Scherzer signed with NL East rival, his Nats legacy still intact

Max Scherzer addressed the crowd at the Nationals' World Series parade

Ninety-five years.

That’s how long D.C. sports fans waited in between World Series titles. During that time the city watched as its hometown team left not once but twice, finally getting a franchise back for good in 2005 only to see the Nationals go through a lengthy rebuild. When they did win it all in 2019, surviving five elimination games and orchestrating comebacks in every one, the pent-up emotion for a fanbase that had never seen victory like this before was released at last.

On Monday, Max Scherzer, one of the Nationals’ biggest stars from their 2019 title run, reportedly signed a three-year, $130 million deal with the New York Mets. It’s a signing that has to sting for Nationals fans, who will now be forced to watch Scherzer face their team in a rivals' uniform a couple times a year while Washington attempts to rebuild its roster and compete once again.

However, fans shouldn’t let Scherzer’s presence in Queens tarnish the impact he left on both the franchise and the community itself. Scherzer signed a seven-year, $210 million deal with the Nationals in 2015 and he was the rare mega-free agent to be worth every cent.

All he did during his time in Washington was win two Cy Young awards and place among the top five in voting for four others. Scherzer led the NL in strikeouts three times and twice paced it in wins. He threw two no-hitters, a 20-strikeout game and a seven-inning gem with a broken nose and black eye that embodied his personality as a gamer, a legendary competitor.


During the 2019 playoffs, he went 3-0 with a 2.40 ERA and 37 strikeouts as the Nationals won every game he appeared in. He was their World Series Game 7 starter despite gutting through a neck injury that was so painful he couldn’t dress himself three days prior.

“I don’t want to look at this as a negative thing,” Scherzer said after making his final start with the Nationals in July. “I’d rather look at this as a positive thing. Look, I signed a seven-year deal here and won a World Series. The first thing I said when I signed was, ‘I’m here to win.’ And we won. We won a World Series so that’s a lifelong dream come true and something that I’ll always be so proud of.”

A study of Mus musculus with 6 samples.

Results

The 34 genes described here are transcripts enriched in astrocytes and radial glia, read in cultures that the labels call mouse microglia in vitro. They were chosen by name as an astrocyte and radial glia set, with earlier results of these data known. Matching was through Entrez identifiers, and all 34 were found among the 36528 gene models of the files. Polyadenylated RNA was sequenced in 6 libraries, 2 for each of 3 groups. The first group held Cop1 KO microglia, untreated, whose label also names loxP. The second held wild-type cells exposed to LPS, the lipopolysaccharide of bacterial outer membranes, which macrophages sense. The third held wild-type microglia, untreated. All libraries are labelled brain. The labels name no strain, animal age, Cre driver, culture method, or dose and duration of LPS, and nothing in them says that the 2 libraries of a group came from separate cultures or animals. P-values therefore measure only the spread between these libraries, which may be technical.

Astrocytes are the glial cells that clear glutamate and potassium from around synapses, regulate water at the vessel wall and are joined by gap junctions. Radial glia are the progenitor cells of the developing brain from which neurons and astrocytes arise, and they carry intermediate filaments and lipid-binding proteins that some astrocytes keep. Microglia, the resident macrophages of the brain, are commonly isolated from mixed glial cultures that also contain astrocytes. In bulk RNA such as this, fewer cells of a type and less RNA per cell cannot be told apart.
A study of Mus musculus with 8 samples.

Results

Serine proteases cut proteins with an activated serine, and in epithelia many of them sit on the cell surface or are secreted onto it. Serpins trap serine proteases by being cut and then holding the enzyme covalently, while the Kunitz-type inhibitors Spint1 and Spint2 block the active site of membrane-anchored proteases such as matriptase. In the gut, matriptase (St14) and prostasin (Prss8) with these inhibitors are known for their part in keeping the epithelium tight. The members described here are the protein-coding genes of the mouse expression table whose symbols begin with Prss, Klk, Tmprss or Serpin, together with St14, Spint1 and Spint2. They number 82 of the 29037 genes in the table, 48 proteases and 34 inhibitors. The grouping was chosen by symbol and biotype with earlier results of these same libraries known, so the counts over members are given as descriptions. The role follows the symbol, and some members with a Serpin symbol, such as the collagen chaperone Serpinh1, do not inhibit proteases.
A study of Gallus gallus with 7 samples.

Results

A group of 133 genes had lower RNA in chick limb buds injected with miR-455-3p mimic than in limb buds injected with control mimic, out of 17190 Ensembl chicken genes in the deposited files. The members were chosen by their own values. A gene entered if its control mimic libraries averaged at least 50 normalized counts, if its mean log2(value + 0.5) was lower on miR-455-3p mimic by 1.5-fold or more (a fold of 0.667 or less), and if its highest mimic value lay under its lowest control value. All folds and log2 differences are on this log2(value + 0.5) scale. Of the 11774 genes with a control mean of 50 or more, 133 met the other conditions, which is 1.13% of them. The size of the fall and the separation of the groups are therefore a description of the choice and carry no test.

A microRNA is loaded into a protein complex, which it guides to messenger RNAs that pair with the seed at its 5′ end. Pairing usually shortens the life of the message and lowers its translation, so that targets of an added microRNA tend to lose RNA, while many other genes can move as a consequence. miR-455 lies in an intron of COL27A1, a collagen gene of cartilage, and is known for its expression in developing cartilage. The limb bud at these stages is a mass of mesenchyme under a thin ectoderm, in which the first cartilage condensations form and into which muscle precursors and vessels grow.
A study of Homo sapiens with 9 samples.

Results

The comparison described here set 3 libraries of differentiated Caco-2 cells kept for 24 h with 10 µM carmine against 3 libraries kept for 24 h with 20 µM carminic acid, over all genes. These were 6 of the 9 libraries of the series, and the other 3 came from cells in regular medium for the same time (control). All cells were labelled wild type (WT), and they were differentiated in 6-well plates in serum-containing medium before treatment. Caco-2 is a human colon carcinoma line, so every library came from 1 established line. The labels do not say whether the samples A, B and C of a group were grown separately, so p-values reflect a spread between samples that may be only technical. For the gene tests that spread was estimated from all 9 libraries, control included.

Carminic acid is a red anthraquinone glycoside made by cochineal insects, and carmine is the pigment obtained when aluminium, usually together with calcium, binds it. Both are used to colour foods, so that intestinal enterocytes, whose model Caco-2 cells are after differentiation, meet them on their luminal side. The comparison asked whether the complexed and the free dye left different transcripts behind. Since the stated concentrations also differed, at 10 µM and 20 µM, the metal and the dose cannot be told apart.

Nationals fans know what it’s like to lose a star to a division rival. Bryce Harper turned down an offer from Washington to sign a 13-year, $330 million deal with the Philadelphia Phillies ahead of that 2019 season. He was booed in his return to Nationals Park and the tune hasn’t changed since. So what’s different here? Scherzer left with the job finished, giving D.C. sports fans their first World Series in nearly a century while paving a path to Cooperstown in dominant fashion. It's what this game is all about.

It may not have been entirely Harper’s fault, but when he departed for Philadelphia the Nationals had never made it past the NLDS. The fanbase still needed a championship and the No. 1 pick heralded as the next LeBron James of baseball had failed to deliver one.

Scherzer also didn’t leave as a free agent. He was traded along with Trea Turner to the Los Angeles Dodgers at the deadline in a deal that kickstarted the Nationals’ rebuild by landing them top prospects Josiah Gray and Keibert Ruiz, among others. Washington will continue to reap the benefits of signing Scherzer for the next half-decade through the players acquired in that trade.

When the 37-year-old Scherzer did hit free agency, he accepted an offer from the Mets where his sanity might have come into question had he turned it down. Scherzer will be making an average of $43.3 million per year over that deal, shattering Gerrit Cole’s AAV record of $36 million with the New York Yankees. He even has an opt out after the second year, giving him another chance to return to free agency should he be unhappy with his situation in New York after 2023.

Expecting Scherzer to turn down an offer of that magnitude just because it came from an NL East rival is ludicrous. Sure, he’ll be pitching for the Mets. It’s not going to feel good when Scherzer does what he does up there on the mound. He might win another award or lead them to the playoffs. No one is certainly obligated to root for him when he’s pitching for an opposing team.


But Scherzer has already done more in Washington than he will ever be able to accomplish with the Mets. Fans should still hope to see the Curly W on the cap of his Hall of Fame plaque and a statue of him at Nationals Park. Yet even if by some dramatic shift in circumstance neither of those things happen, the 2019 World Series flag will always be flying over Half Street. And few players gave more than Scherzer to put it there.

“I put it on the line every single time,” Scherzer said in July. “I’ll give you everything I got no matter what the situation is…You wanna go out there and do your best. I think that’s something I hope that everybody appreciates and my teammates as well. When we are dealing with all this, all my teammates as well have responded extremely well of going out there and competing, playing as a team despite all the stuff that’s going on all around us. So that’s what I remember.”